The compact disc player, or CD player, was the first major entertainment appliance to used digital technology. This Fix-It Guide on CD player repair tells how a CD player works, what often goes wrong, how to identify a CD player problem, and what parts and tools you will need to fix it. It then gives instructions for how to clean a CD, how to clean the CD player lens, how to service the disc tray and belt of a single-play unit, and how to service the CD player tray motor. Some of these repairs also apply to CD burner repair.
How Does a CD Player Work?
A CD player is an electronic device powered by a universal motor that rotates a flat plastic disc that has been stamped with a digital code representing specific sounds. As the player rotates the CD at high speed the sound track–less than the width of a human hair–is read by a laser beam used to produce an electric stereo sound signal. This signal goes to an amplifier and speakers or earphones to reproduce the music represented on the CD.
What Can Go Wrong with a CD Player?
CD players either work or they don’t. The third option is that they work, but the sound skips–which typically is caused by a dirty or damaged disc rather than the player. CD players have few moving parts and are mostly trouble free. In fact, there is little you can do besides clean the CDs, clean the machine, or replace cords. Just about everything else should be turned over to an electronics technician.
You can use a CD repair kit, available where CDs are sold, to polish out scratches on the underside of the disc.
How Can I Identify a CD Player Problem?
CD player problems are usually obvious, though the solutions may not be.
- If a CD player does not work at all, make sure the power supply is on at the outlet. Check the electrical cord and replace it if necessary; remove the housing and test the fuse; test the on-off switch and replace it if needed.
- If a CD player works but produces no sound, check the connections to the stereo system and clean the clear plastic reading lens.
- If a CD player skips, check to be sure the CD itself is not scratched or dirty.
- If a CD player tray won’t open or close properly, check the belt for dirt or wear and check the tray for misalignment (remove, clean, lubricate, and reinstall).
- If the sound from a CD player is distorted, check and clean dirty output jacks.
CD players and other electronic devices are dust magnets. Every month, carefully clean the interior of these devices with canned air or a vacuum.
What Do I Need for CD Player Repair?
You can find CD cleaners, canned air, and other tools and parts at electronic stores, or even at larger discount stores. Replacement parts need to come from the manufacturer or aftermarket supplier. Here are some of the tools and materials you may need:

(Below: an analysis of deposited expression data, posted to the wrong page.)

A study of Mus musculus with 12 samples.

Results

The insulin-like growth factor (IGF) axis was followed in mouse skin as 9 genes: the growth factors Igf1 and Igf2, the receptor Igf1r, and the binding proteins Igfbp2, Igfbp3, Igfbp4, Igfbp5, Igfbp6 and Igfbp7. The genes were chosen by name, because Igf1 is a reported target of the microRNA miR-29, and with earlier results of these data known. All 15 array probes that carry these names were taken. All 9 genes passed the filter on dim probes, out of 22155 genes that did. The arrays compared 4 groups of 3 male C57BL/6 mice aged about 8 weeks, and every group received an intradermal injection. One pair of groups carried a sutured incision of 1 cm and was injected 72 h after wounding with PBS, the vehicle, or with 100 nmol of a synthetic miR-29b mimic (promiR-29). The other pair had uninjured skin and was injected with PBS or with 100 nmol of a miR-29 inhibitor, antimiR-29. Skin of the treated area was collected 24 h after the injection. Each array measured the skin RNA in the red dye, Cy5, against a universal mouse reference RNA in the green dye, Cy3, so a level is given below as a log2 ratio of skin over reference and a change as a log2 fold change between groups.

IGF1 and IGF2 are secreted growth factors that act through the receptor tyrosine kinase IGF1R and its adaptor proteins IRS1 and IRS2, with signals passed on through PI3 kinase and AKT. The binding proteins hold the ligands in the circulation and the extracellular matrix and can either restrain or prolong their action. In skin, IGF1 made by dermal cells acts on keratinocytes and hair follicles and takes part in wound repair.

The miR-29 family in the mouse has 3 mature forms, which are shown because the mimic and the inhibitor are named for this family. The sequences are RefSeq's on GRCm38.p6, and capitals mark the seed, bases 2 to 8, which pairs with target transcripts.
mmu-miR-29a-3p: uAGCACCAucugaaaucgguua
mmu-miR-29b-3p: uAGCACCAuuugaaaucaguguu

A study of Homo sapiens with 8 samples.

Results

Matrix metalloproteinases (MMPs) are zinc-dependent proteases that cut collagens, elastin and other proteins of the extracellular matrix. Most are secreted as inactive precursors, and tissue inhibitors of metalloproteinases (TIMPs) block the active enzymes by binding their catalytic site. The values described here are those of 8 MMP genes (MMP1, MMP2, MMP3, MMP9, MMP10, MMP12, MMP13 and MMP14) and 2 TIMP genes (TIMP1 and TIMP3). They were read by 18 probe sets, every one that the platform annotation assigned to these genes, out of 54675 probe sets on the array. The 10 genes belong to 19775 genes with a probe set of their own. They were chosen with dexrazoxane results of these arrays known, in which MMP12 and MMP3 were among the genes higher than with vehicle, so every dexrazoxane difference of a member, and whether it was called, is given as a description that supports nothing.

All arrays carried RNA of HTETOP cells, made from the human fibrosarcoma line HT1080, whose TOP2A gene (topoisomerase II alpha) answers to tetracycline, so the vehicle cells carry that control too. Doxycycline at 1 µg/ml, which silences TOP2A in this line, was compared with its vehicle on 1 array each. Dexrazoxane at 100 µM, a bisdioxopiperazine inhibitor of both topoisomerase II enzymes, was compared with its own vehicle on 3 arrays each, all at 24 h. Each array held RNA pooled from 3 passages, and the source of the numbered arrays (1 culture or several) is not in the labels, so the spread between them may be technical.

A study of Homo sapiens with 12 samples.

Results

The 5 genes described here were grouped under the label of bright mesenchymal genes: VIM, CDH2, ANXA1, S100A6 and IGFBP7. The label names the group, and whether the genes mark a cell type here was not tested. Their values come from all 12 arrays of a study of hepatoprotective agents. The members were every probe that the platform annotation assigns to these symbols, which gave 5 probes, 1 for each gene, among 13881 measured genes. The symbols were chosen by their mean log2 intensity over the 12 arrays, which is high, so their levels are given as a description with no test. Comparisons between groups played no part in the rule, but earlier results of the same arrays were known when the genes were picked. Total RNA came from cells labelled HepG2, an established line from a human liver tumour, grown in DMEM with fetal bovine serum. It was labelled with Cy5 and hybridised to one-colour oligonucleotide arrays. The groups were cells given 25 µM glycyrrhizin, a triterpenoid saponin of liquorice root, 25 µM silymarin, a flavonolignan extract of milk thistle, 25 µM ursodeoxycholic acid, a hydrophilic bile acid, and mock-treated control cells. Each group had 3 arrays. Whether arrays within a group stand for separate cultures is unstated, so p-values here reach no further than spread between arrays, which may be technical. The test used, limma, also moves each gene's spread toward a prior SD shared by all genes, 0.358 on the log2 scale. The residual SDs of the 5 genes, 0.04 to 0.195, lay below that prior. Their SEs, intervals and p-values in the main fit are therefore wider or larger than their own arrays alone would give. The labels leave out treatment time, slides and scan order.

- Canned air or soft brush
- Foam swab or camera-lens tissue
- Lens cleaner fluid
- Clean, dust-free cloth
- White lithium grease
- Cotton gloves
- CD cleaning fluid or denatured alcohol
What Are the Steps to CD Player Repair?
The four primary fixes you can do to a CD player include cleaning a CD, cleaning the lens, cleaning the tray, and replacing the tray motor. Let’s take a look at each:
Clean a CD:
- Hold the disc by its hub and outside edges. (The music data is located on the back or bottom side of the disc.)
- Blow dust from the bottom surface with a can of compressed air.
- Clean dirt and fingerprints with a lint-free cloth dampened with CD-cleaning fluid or denatured alcohol, all available at electronic stores. Wipe from the center outward (not a circular motion).
Clean the CD player lens:
- To access the lens in a single-play unit, remove the housing and carefully lift up the hold-down clamp to expose the lens. To remove the lens in a carousel player, remove the player housing and unscrew the bracket secured to the top of carousel, then lift off the bracket.
- Remove dust with canned air or a soft brush. If needed, use a foam swab or camera-lens tissue (not eyeglass tissue) dampened with lens fluid.
Service the disc tray and belt of a single-play CD unit:
- Open the housing by removing the screws on the outside of the housing and remove anything blocking the tray. Press the open-close control to extend tray, and unplug the unit. To remove the clip-on tray front, brace the tray and slide the panel to one side.
- Unplug any cables connecting the front panel to the interior. Remove the screws securing the front panel and gently tilt it off. If the panel won’t move, check beneath it for clips or additional screws.
- Lift off the hold-down clamp, screw, or spring on top of the disc tray. Gently pull the tray out of the player. Clean the travel rail and guides with a swab dampened with denatured alcohol. Lubricate the tray sparingly with white lithium grease.
- Remove the belt to inspect for dirt, water, or damage. Avoid touching the belt with your fingers. Use tweezers or wear cotton gloves. Clean the belt with a lint-free cloth moistened with denatured alcohol. Replace the belt if it is damaged.
Service the CD player tray motor:
- Unplug the player and test the motor.
- A dirty motor plug can make the tray work intermittently. To clean the motor plug, unplug it and spray it with electrical contact cleaner. Then repeatedly plug and unplug the unit to verify contact.
- To remove the motor, depress the end of each clip or bale with a finger and lift it up.
- To replace the motor, carefully remove the drive belt with tweezers or gloved hand, then lift the motor out of its mount.
Most CD players are built with thin plastics–especially the tray or cover–that can be damaged. Be careful not to force them.